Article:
National News Brief, Monday February 2

Crack down on poorly performing schools; $1 billion of Auckland projects at risk; boy racers face Collins' wrath; tax break tipped for small and medium-sized businesses; Waitangi Day to be "more welcoming"; Vegemite under threat from health police

The nation's worst performing schools will be singled out by the Government this year and forced to reform, reports the Dominion Post. Education Minister Anne Tolley has told the Education Review Office to focus on schools that are not up to scratch and is prepared to sack school boards and install commissioners in their place. On the flipside, schools with good track records could be exempt from ERO reports for up to five years.

More than $1 billion worth of Auckland city projects are under threat due to the global recession, reports the Herald. At risk are projects to electrify the city's rail, develop the Tank Farm, and integrate the city's public transport ticketing. A crisis meeting was held on Friday to look at the Auckland Regional Council's books but ended in acrimony.

Police Minister Judith Collins is considering a request by Canterbury police to crush boy racers' cars in cases of repeat illegal street racing. On Friday night a Christchurch officer's car was ambushed, bottled and shot at by boy racers. "We are not going to put up with it, and if it takes a few cars being crushed to get the point through, that may be one of the options," said Ms Collins. Southern Area Commander Inspector Malcolm Johnston told the Press that the planned attack on police "raised the bar" and boy racers were in for "the shock of their lives". "We have never seen anything like it before," he said. "This is thuggery. These are the actions of criminals."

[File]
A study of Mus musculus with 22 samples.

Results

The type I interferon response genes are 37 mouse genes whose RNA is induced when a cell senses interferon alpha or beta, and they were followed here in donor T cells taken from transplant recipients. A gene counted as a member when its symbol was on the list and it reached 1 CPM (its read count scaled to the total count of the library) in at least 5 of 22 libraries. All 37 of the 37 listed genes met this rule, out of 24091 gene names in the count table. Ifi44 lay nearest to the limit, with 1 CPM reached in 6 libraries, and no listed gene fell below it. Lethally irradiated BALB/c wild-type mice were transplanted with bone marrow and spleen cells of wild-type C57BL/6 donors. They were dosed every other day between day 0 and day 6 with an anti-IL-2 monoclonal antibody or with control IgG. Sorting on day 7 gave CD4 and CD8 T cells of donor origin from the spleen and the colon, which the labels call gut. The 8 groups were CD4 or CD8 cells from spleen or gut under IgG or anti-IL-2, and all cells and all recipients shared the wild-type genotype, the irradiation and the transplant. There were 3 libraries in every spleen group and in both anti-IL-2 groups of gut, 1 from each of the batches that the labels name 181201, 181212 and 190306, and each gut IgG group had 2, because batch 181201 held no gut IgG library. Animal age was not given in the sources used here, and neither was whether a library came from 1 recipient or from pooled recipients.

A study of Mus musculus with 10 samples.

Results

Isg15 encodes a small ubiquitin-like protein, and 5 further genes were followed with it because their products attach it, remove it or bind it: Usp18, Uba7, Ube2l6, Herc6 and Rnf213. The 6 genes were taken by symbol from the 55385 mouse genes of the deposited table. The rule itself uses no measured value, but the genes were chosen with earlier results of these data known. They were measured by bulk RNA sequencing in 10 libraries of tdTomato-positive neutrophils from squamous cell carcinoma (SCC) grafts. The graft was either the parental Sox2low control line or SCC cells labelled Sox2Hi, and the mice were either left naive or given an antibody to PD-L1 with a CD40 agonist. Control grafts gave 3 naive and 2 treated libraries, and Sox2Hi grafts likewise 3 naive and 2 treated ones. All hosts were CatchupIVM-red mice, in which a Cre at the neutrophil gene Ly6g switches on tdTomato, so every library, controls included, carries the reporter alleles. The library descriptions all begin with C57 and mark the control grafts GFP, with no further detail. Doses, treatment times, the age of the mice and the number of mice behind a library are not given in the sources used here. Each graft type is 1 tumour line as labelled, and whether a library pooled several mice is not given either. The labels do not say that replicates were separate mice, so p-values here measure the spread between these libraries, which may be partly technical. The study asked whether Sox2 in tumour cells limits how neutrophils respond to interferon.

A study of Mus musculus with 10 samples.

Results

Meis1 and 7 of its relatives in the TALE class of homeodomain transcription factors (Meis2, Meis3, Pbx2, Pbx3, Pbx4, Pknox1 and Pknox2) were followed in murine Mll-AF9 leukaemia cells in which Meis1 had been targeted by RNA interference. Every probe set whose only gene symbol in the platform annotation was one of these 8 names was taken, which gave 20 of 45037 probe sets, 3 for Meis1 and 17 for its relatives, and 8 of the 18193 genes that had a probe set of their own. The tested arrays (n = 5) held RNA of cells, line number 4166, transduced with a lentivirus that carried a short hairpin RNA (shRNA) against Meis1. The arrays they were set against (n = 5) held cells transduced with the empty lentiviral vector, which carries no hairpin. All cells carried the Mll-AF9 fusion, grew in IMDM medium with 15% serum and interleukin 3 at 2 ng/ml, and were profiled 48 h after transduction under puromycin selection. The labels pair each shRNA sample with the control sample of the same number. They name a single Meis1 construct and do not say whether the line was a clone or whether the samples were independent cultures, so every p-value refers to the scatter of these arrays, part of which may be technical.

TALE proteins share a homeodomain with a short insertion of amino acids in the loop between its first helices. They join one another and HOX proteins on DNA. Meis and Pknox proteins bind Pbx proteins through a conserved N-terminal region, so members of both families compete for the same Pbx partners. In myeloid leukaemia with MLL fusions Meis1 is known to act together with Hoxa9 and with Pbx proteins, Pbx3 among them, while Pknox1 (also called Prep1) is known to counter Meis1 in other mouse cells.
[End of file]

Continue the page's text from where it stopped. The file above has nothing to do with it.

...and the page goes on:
Prime Minister John Key is expected to announce a relaxation of the tax regime on small and medium-sized businesses this week, reports the Dominion Post. Businesses are expected to pay their tax in advance--there is a 14.24 percent penalty for not doing so. Business New Zealand chief executive Phil O'Reilly said easing the provisional tax regime would make a major difference to small and medium-sized businesses, which make up over 90 percent of the sector. "Provisional tax takes cash away from them and a very common reason why small businesses fall over is cash flow."

This year's Waitangi Day celebrations should have a more welcoming atmosphere, says Ngapuhi spokesman Kingi Taurua from Te Tii Marae, Waitangi's lower marae. He acknowledged that last year's Waitangi event had been "slack" and lacked a sense of nationhood. He told the Herald that this year kaumatua who hadn't attended the celebrations for years were returning to the marae.

The Australian government could ban Vegemite from supermarket shelves for its high salt content, reports the Herald. A Canberra task force has been set up to consider taxing foods high in fat, salt and sugar. Vegemite is 8 percent salt.